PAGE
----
The summer of 2023 brought severe heatwaves to many parts of the world, including India, Europe and the United States. China also struggled with extreme heat, as well as flooding, while the Horn of Africa experienced an ongoing drought estimated to be the worst in the past four decades and more than 100 times more likely to have occurred due to anthropogenic climate change1.

Credit: International Development Issues / Alamy Stock Photo

These events have a human cost, and any life lost to an environmental or climate impact is one too many. However, the impacts of these recent events in terms of lives affected reflects differences in both the severity of the event, as well as the ability of the impacted society to adapt and manage. Adaptation to climate change requires resources; not only financial (where adaptation efforts notoriously receive only a fraction of the funding allotted to mitigation), but societal, informational and governmental. These aspects determine a society’s adaptive capacity, or ability to adapt to climate change risks and impacts. The Global South, which has and is expected to bear more of the burden of climate change, also experiences greater challenges and limitations to adaptive capacity than the Global North. Assessing and supporting adaptive capacity is of critical importance for reducing risk and exposure under climate change.

Yet adaptation is less well characterized by global models in contrast to representations of the physical manifestations of climate change, as well as the economic consequences and possibilities for policy. Poor simulation of adaptation in global models, such as climate impact models and integrated assessment models, has implications for the projection of future societal impacts, as well as for determining where adaptation could mitigate risk.

In a Perspective article in this issue of Nature Climate Change, Marina Andrijevic and colleagues outline a way forward to improve the representation of adaptation in global models by integrating adaptive capacity into the Shared Socioeconomic Pathways (SSP) scenarios framework typically used by such models to explore different climate futures. They propose a range of available socioeconomic indicators that reflect the different aspects of adaptive capacity, including, among others, measures of extreme poverty, urbanization, population size, government control of corruption and gender equality. This approach would allow more realistic assessments of the impacts of climate change on societies, as well as the economic costs. Adaptation projects and funding could then be better targeted to where they are or will be most needed.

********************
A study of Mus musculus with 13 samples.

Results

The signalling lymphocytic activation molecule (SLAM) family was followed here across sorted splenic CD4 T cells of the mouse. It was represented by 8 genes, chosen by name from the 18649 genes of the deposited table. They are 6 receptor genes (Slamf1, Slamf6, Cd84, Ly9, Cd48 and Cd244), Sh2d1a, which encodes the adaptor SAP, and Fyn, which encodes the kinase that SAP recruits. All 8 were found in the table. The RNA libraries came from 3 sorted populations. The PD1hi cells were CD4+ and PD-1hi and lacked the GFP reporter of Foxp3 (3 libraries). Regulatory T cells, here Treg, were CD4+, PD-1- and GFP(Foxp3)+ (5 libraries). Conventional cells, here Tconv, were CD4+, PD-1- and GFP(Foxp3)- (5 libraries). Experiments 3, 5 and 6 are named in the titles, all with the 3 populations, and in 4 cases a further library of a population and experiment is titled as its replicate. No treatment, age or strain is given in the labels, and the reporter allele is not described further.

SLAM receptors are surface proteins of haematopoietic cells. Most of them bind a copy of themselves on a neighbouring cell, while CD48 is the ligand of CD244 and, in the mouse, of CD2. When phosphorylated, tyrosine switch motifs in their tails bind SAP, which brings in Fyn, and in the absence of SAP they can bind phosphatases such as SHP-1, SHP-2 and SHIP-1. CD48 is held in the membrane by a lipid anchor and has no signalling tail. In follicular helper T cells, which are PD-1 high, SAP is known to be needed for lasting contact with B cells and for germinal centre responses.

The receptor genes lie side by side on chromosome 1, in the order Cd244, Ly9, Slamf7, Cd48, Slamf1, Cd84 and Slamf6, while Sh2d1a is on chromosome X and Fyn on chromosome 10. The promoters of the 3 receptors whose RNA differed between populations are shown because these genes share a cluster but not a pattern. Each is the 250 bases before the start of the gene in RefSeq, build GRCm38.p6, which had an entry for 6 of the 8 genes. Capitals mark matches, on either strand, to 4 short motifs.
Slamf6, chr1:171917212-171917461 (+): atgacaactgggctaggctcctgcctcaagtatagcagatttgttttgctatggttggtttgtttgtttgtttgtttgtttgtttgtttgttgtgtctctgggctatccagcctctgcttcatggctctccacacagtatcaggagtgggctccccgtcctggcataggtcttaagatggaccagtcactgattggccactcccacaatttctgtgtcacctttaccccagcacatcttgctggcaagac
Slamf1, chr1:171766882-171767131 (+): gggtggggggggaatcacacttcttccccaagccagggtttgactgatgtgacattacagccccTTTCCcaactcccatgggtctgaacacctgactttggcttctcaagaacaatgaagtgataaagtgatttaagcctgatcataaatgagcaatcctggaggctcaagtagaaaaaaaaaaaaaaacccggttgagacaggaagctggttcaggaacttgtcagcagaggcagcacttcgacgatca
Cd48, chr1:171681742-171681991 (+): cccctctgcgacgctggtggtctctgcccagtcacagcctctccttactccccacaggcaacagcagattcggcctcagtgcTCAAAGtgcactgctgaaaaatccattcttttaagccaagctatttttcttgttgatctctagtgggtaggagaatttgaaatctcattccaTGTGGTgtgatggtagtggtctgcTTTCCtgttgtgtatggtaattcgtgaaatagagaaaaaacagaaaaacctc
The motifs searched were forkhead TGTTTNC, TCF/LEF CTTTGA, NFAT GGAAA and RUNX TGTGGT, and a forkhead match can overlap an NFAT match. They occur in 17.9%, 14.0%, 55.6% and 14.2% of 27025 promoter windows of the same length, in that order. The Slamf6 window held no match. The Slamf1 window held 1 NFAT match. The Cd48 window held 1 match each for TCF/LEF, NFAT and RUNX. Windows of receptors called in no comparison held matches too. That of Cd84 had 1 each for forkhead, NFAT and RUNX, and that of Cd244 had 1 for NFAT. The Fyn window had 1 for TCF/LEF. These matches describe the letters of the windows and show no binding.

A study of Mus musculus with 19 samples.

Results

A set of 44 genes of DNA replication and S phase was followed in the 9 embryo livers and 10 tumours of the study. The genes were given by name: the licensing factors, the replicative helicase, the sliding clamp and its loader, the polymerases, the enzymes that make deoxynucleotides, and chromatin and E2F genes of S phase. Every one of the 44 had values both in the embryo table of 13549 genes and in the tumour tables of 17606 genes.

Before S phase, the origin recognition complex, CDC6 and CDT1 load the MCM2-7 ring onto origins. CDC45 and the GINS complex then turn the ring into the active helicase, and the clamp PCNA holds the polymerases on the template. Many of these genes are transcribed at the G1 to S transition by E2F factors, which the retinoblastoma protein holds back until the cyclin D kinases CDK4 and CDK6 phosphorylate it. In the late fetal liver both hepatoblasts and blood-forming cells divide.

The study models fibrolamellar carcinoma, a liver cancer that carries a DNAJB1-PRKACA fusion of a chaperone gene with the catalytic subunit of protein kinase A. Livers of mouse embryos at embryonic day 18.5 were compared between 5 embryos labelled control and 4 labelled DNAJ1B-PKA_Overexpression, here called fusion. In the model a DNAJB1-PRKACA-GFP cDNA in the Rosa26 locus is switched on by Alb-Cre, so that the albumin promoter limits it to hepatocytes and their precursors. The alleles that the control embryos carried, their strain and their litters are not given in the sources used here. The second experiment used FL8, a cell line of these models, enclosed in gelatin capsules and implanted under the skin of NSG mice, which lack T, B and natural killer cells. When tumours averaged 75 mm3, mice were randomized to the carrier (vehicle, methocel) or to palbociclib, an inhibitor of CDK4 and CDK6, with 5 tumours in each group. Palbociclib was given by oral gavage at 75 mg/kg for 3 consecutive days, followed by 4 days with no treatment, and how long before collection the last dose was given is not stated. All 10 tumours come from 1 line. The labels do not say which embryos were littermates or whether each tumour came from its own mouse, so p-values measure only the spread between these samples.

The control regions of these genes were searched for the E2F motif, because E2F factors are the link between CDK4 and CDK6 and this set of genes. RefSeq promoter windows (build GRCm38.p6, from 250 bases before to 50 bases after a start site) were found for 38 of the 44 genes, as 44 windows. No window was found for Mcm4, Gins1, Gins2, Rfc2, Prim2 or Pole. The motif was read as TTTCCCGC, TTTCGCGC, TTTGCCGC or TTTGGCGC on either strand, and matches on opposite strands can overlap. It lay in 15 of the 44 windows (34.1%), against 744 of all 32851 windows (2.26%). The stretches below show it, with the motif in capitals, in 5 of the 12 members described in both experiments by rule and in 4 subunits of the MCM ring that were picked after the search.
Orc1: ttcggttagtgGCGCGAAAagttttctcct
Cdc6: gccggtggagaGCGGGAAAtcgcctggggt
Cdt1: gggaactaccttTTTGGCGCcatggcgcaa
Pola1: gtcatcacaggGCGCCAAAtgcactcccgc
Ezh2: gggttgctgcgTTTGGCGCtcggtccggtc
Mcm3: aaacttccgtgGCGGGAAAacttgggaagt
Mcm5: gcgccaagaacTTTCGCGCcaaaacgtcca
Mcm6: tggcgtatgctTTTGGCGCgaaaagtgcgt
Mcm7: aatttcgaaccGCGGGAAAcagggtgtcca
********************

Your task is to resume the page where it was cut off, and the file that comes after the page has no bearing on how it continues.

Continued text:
In addition to improving modelling assessments, adaptation efforts may also be supported by ensuring that affected communities have a voice in international debates, as Indigenous or local knowledge can provide important information about adaptation potential. Writing in a Comment article, Carol Farbotko and colleagues posit that the ability of societies to adapt to climate impacts such as sea-level rise is subjective. Dominant views on the future habitability of certain parts of the world, notably low-lying or atoll regions in the Global South, are heavily influenced by the narrative that much of this land will become uninhabitable. However, this narrative is not always shared by those living in affected areas, and discounting their perspective may also pre-emptively limit the possibility for adaptation in these regions.

Although adaptation is beginning to receive more attention and funding in both the research and political arenas, current impacts show that much more is required2. All countries will need to adapt to a changing climate, but societies facing greater limitations to adaptation should be prioritized, especially as these societies often also face greater risk, and many have been disadvantaged by historical and current politics.